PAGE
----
This discovery prompted other researchers to develop new types of flexible Li-ion batteries that utilize nonstandard materials such as elastic polymers and organic liquids instead of flammable liquid electrolytes (the substance that allows ions to travel between two electrodes).Multiple companies have developed products based on these new materials, and this article will explore the two types of flexible rechargeable batteries currently available for commercial use.
The first type utilizes a standard electrolyte but with a polymer composite separator instead of the usual porous polyethylene or polypropylene material. This allows it to be bent or shaped into different forms without fracturing. For example, Samsung recently announced that they've developed such a battery that can maintain its shape even when folded in half. These batteries are more expensive than traditional ones but can last longer because there's less internal resistance from thicker electrodes and separators. However, one drawback is their relatively low power density: They can only store as much energy as a similarly sized Li-ion battery and cannot be recharged as quickly.
This type of Li-ion battery is currently used in Wearable Sensors to monitor the body's vital signs, but it can also be integrated into smart clothing. For instance, Cute Circuit makes a dress that tracks air pollution levels and alerts users through an LED display on the back when there are high levels in the wearer's immediate vicinity. Using this kind of flexible battery would make it easier to integrate sensors directly into clothes without adding bulk or discomfort.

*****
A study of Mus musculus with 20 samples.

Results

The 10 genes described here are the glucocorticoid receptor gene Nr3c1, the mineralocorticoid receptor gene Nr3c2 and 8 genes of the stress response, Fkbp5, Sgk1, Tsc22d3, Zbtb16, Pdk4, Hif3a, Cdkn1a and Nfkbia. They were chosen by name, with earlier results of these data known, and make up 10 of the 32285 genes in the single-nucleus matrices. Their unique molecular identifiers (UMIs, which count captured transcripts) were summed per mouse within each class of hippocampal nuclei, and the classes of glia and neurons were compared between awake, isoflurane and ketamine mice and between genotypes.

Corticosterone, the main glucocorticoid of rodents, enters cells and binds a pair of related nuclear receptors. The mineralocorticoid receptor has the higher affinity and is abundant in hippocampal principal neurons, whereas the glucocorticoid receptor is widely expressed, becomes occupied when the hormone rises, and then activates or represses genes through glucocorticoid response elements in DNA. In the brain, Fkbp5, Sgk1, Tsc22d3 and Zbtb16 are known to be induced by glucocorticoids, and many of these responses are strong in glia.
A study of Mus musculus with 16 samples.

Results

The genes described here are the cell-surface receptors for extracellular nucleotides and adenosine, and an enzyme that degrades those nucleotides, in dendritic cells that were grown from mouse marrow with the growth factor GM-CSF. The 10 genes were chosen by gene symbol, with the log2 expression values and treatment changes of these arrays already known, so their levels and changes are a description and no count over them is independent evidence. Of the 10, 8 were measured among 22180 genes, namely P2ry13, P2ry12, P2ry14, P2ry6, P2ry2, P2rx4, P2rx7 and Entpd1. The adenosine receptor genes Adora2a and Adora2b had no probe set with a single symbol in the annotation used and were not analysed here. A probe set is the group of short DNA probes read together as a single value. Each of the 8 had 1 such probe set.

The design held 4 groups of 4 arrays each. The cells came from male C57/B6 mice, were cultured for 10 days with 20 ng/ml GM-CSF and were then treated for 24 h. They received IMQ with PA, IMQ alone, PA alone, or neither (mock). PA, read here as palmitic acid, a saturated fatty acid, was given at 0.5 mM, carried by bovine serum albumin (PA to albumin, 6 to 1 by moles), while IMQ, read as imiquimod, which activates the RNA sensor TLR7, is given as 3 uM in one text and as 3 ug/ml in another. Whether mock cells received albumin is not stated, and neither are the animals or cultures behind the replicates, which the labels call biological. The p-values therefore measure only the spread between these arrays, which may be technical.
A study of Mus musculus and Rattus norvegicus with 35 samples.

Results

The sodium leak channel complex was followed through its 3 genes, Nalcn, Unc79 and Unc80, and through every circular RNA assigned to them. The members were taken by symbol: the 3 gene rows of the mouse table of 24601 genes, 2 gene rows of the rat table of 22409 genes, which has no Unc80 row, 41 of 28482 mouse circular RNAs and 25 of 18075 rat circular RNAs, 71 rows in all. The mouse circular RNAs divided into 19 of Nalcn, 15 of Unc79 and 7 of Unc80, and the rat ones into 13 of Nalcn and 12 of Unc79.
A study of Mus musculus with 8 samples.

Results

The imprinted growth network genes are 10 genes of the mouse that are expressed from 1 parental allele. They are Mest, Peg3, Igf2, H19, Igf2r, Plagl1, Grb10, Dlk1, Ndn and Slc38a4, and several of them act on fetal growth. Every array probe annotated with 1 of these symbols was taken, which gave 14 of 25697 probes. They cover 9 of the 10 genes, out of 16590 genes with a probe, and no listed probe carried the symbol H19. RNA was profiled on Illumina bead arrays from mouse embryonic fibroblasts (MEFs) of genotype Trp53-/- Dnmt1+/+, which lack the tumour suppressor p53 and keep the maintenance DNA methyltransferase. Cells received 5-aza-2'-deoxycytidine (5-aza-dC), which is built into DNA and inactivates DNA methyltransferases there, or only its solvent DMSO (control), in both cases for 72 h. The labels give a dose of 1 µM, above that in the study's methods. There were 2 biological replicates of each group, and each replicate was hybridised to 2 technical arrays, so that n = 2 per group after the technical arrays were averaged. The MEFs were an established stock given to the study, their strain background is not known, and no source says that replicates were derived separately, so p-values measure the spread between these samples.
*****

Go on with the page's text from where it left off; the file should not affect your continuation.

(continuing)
Lithium batteries are widely used in consumer products such as cellphones and laptops, but improvements to its capabilities (power, weight) can lead to beneficial applications such as medical devices and electric cars. Since most batteries use a rigid casing with the electrodes placed inside, there has been extensive research into whether a flexible battery could be developed which would allow for different shapes and potentially more powerful devices.
Presently available electric vehicles have a limited range due to the low power density of batteries that results from using rigid casings. Flexible batteries can also be worn on clothing or wrapped around irregular surfaces, which opens up new possibilities for wearable technology. In addition, greater flexibility means batteries can be stored in tight spaces and conform to unusual shapes; this could result in batteries with a smaller size than similarly rated conventional ones.
A flexible battery that uses metal foil instead of rigid electrodes has been developed by researchers at the University of California, Berkeley. The design holds promise for better performance than current devices because it is composed of multiple thin sheets stacked together, which results in high energy density while remaining completely flexible. Previous attempts using other materials such as graphene failed due to the fragility of these structures and their lack of scalability. However, the new metal foil design follows a similar structure to commercial lithium-ion batteries and allows these units to be produced on an industrial scale without difficulty.
Flexible lipo batteries can lead to medical devices which are more easily worn on the body, electric cars with greater driving range, wearable technology that does not interfere with movement, and other applications which take advantage of this increased flexibility.
The research at University of California Berkeley produced a flexible battery composed of stacked metal foil sheets without using fragile graphene material. This design provides increased energy density than current devices while remaining completely flexible. Flexible lipo batteries also have potential applications in electric cars, wearable technology, and other areas where increased flexibility is advantageous.